Title text: The heartfelt tune it plays is CC licensed, and you can get it from my seed on JoinDiaspora.net whenever that project gets going.
Cueball has sent an essay to a friend. While the essay itself was good, his friend was worried because the essay was in the .doc format, the proprietary format that old versions of Microsoft Word used. The friend advises Cueball to use a format based on an open standard. He may thinking of the ODF format (file extensions
.odp, etc.) used in OpenOffice and LibreOffice, which are both free software. ODF was not standardised until 2005, but was based on OpenOffice XML which has existed since about 2000, and there were other open markup languages such as Docbook, LaTeX and HTML.
Cueball, who does not appreciate his friend's contradicting him, argued that the friend is making petty fights about the details of software instead of simply bothering that the software works (which is, in essence, a primordial purpose of software). Given that it can be a challenge to move from a familiar proprietary application to an open-source rival which may lack compatibility, features, support and popularity, Cueball has *some* justification for his stance.
The bearded fellow brings up that he is just concerned about the current proprietary software infrastructure that forces users to use software in a specific way, penalizing them for sharing the software or even preventing looking at the source code in order to learn what the program actually does or how it works. Cueball makes a retort that his friend has an arrogance that crowds out his perspective while claiming that he is autistic. (Autistic people do have a tendency to have intense fixations to things, even things that other people would find mundane or even odd. They also tend to have trouble knowing the problems of the world outside of themselves, having them lack perspective of things at times. Even so, Cueball's remark suggests that he thinks that "autistic" is just another word for "retarded" which is another word for "stupid", a double-fallacy.)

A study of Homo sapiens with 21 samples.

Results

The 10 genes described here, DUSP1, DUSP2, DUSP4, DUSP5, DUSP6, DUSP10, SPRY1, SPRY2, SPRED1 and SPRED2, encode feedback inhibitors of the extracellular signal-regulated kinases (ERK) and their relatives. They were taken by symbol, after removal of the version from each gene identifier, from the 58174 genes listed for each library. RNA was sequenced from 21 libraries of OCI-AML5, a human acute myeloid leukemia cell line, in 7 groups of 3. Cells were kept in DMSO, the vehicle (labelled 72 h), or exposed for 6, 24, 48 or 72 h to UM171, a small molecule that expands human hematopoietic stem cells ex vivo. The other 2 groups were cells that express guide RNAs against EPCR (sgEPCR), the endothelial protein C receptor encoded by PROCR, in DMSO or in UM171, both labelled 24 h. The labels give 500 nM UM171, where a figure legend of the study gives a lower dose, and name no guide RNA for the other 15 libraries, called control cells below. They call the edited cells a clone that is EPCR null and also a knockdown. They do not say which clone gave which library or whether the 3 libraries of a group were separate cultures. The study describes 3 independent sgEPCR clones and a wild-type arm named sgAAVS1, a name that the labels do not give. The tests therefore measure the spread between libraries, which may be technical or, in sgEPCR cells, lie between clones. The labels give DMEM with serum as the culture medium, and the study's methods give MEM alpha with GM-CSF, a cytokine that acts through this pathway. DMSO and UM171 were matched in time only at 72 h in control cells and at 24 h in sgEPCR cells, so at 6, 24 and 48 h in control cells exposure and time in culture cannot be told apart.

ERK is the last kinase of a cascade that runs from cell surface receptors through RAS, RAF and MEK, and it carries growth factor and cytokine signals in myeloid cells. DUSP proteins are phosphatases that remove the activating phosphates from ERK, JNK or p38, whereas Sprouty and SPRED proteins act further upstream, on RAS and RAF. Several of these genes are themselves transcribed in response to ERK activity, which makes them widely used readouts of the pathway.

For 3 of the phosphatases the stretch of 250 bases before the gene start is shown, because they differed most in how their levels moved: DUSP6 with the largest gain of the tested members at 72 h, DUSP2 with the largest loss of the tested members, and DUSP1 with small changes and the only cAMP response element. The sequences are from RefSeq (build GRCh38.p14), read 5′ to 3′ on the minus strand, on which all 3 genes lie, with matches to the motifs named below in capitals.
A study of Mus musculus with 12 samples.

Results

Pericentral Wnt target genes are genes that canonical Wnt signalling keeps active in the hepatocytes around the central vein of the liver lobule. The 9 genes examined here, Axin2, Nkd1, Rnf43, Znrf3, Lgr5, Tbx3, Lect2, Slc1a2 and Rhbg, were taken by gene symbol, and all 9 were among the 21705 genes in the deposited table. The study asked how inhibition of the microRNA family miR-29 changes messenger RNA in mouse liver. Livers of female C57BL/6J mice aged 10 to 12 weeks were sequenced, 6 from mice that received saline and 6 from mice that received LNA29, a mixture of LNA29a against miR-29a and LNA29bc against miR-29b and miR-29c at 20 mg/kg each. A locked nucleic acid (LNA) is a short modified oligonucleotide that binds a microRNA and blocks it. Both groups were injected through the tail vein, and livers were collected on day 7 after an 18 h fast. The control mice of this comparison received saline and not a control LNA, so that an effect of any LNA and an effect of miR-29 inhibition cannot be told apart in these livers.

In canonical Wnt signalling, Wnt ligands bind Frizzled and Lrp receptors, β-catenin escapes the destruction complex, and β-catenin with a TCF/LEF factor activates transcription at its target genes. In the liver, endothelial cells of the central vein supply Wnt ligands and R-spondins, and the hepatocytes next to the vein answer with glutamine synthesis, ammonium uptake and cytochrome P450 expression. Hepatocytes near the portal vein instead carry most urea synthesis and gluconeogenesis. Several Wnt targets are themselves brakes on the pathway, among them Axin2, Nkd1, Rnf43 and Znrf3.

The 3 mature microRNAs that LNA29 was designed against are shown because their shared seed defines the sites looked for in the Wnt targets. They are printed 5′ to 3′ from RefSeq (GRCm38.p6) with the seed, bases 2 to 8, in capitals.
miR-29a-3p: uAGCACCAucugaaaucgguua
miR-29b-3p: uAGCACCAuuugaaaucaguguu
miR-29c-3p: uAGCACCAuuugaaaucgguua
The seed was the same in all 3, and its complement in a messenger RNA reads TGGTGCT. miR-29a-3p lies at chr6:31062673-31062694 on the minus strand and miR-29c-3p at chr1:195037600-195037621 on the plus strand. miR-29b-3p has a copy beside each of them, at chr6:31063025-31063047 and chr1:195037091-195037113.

Seven years later, Cueball runs to the friend, alarmed about Facebook's heavy policies about its complete control about the information its users submit. Since Facebook is like Microsoft in its lack of transparency about their services and taking away a lot of control from the user, the fellow retorts with playing "the world's tiniest open-source violin." This is dubious since "playing the world's smallest violin" is a sarcastic expression that denotes that the speaker will not give pity to the recipient.
In response to this comic people released 3d printer specifications for tiny violins, as open source files. This one was designed by Allan Ecker.
The title text references the following pieces of infrastructure that are compatible with the "free software" ideology:
- Creative Commons licenses (CC licensed) use existing copyright law to permit someone to share a creative work anywhere so long as the sharer attributes credit to the creator of the work. The particular CC license chosen may also allow for modification, derivative works, and/or commercial usage. The fellow's phrase "you can get it" in the title text is ambiguous: is he offering to share the code for the violin, or the tune that the violin plays? But since CC licenses are not used for software, we can assume "it" refers to the tune: either an audio recording of it, or perhaps source material from which to make modified versions.
- joindiaspora.com (formerly joindiaspora.net) is the central host of Diaspora*, an open-source alternative to Facebook which puts the user in control of how their information is used. Of course this sort of use of Diaspora would eliminate Cueball's concern over how Facebook handled his information.
- a Diaspora "seed" is a personal web server that interacts in a Diaspora "pod" of servers. It stores all of your information (such as the tune in this case) and shares it with your friends, in a way that respects your preferences around privacy, etc.
The problem with the lack of open source and Facebook is also the subject of 1390: Research Ethics.
- [Cueball approaches a bearded fellow.]
- Cueball: Did you get my essay?
- Bearded Fellow: Yeah, it was good! But it was a .doc; You should really use a more open-
- Cueball: Give it a rest already. Maybe we just want to live our lives and use software that works, not get wrapped up in your stupid nerd turf wars.
- Bearded Fellow: I just want people to care about the infrastructures we're building and who-
- Cueball: No, you just want to feel smugly superior. You have no sense of perspective and are probably autistic.
- Cueball: Oh my God! We handed control of our social world to Facebook and they're DOING EVIL STUFF!
- Bearded Fellow: Do you see this?
- [Inset, the bearded fellow rubs his index and middle fingers against his thumb.]
- Bearded Fellow: It's the world's tiniest open-source violin.